Vegans: The Most-Googled Questions About Veganism Answered

The Burning Questions Of Veganism Answered People are searching for veganism on Google more than they have at any point over the last year. Plant-based diets are very much...

The Burning Questions Of Veganism Answered

People are searching for veganism on Google more than they have at any point over the last year. Plant-based diets are very much on the menu every January – as people try their hand at Veganuary – so it makes sense there are more questions being asked.

So we’ve answered some of most googled vegan-related queries to help you out:

How do vegans get calcium and protein?

It’s been drilled into us all from a young age that calcium “makes your bones grow stronger” – as a well-known advert goes. Traditionally that’s been associated with animal products like milk and yoghurt.

If you’re considering a plant-based diet you’ll want to stock up on alternatives like lettuce, rocket salad, parsley and kale – as well as stuff you might not normally buy like edamame beans, pak choi and dried figs. Protein can be another big worry for people trying a vegan diet.

But there’s a fair amount of choice, including cheap and cheerful snacks like nuts and seeds – and the huge amount of protein bars sold these days that contain them. Whole grains are something else to consider – you can dream up a tasty protein-packed menu by combining grains like brown rice with legumes such as chickpeas and lentils.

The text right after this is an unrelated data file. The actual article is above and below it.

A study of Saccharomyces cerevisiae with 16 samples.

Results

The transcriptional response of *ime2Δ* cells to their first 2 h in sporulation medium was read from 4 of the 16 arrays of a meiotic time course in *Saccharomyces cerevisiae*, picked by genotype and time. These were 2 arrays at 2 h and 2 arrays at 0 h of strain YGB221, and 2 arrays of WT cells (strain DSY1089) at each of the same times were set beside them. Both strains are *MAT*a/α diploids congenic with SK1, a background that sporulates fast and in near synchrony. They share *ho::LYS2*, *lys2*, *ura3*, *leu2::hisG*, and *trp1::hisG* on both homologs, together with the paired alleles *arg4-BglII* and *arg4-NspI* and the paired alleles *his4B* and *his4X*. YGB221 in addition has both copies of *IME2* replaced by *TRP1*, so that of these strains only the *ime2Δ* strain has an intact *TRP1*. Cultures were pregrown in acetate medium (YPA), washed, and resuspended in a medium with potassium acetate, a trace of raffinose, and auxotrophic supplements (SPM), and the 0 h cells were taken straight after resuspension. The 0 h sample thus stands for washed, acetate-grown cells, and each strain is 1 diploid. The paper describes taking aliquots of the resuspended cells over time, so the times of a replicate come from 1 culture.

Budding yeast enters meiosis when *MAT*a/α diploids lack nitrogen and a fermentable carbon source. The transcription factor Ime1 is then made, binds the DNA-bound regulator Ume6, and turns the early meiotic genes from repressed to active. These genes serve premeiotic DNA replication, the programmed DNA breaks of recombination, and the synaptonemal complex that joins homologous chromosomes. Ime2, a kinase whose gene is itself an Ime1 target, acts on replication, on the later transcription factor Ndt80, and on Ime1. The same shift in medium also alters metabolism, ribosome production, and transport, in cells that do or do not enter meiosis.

And you can even get pasta made of lentils these days if Indian isn’t your flavor. If you love nothing more than a can of baked beans, you’re in luck – beans of all kinds can also be a good source of protein, as well as soy products like tofu and tempeh.

There are tons of options. But vegans risk missing out on essential nutrients the body needs – like the vitamin B-12 which is only found naturally in foods from animal sources – so meal planning is important.

How do vegans make cake?

Eggs, milk, flour, sugar, butter, chocolate. All these common cake ingredients are vegan to begin with or readily available in a vegan form – except the eggs.

Many vegans like to use egg substitutes, which are easy to make at home. Typical substitutes can include things like banana, flaxseed, applesauce and chia seeds.

Are vegans against pets?

There isn’t a straight yes or no answer to this one. Amy says: “I think pets is a very blurred area for veganism, the reason being how they’re acquired. I’m personally against pets that are acquired through pet shops due to the practices that bring the animals into existence.” She continues, “If you rescue an animal and have all the correct facilities and abilities to keep them happy and healthy I see no issue.”

Raoul, from The Vegan Corner, YouTube’s first professional cookery channel dedicated entirely to plant-based cuisine, says he doesn’t believe vegans are against pets but it depends on how they are treated. For example, keeping a bird or a hamster in a small cage 24 hours a day for your own amusement isn’t something I would personally consider a nice thing.”

He continues, “I do not have pets, but I’ve had dogs in the past and my goal has always been to live a great life together, and in this I can’t see any non-vegan behavior.”

Are vegans healthier?

Recent analysis, which compared the health of vegetarian and vegans against that of meat eaters, suggests they are. Researchers found being a vegetarian or vegan was associated with a significantly lower risk of heart disease and cancer.

But the analysis found that being vegetarian or vegan doesn’t necessarily mean you’ll live longer.